Ed Sibley predicted “enormous challenges” for the Irish financial services sector.
Apr 12th 2018, 5:01 PM 25,828 23

THE CENTRAL BANK’S deputy governor has predicted that Brexit could be one of the most significant events to affect the Irish economy in a generation.

Speaking at Dublin City University’s Brexit Institute Ed Sibley highlighted the impact a hard Brexit would have on the Irish financial services system if UK firms can no longer avail of the financial services passport to offer their services into Ireland and Irish firms can no longer passport their business into the UK.

Sibley said the insurance and funds spheres in Ireland will be most drastically hit by the inability to passport between the UK and the rest of the EU due to the level of business conducted with UK.

“The full significance is almost impossible to predict at this stage, not least given the high degree of uncertainty surrounding both the short-term arrangements and the longer- term relationship between the UK and the EU,” he explained.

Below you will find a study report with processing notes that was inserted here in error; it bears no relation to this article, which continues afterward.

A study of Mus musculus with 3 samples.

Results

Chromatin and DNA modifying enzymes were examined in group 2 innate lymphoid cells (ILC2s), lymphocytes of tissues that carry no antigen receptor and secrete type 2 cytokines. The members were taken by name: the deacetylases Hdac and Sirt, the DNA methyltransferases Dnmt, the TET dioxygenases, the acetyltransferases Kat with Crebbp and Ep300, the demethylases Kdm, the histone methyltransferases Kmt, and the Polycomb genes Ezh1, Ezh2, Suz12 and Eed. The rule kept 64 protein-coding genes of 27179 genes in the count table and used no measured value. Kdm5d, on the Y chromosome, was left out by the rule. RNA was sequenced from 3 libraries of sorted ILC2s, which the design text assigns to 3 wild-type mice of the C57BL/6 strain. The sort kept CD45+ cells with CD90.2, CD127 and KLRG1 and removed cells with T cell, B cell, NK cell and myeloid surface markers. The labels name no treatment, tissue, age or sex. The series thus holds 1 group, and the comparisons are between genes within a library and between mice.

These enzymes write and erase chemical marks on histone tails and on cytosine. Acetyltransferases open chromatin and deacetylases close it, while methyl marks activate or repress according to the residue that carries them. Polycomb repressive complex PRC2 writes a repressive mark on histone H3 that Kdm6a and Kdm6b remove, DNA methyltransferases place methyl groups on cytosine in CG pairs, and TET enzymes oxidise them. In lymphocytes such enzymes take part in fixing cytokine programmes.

As regulators, we see enormous challenges ahead, both for ourselves and for the firms that we supervise.

As Brexit negotiations play out there are risks that UK and Gibraltar-based insurers passporting into Ireland will lose their ability to continue to provide insurance cover, including collecting premiums and negotiating and settling claims on any outstanding insurance contracts.

Sibley said that Britain exiting the EU will have a significant effect on financial services regulation in Europe, both in terms of how policy is developed, but also on how the financial services sector is overseen.

Because of the importance of London as a financial hub he called on the EU not to introduce barriers to markets where key risks can be managed appropriately.

Sibley concluded his speech by providing details of a recent survey of regulated insurance companies’ preparedness for Brexit.

Nearly 200 companies responded to the survey and almost 75% of them think Brexit will have no impact on them. “Given the level of uncertainty and the range of challenges we have heard about today, this is an astounding number,” Sibley said.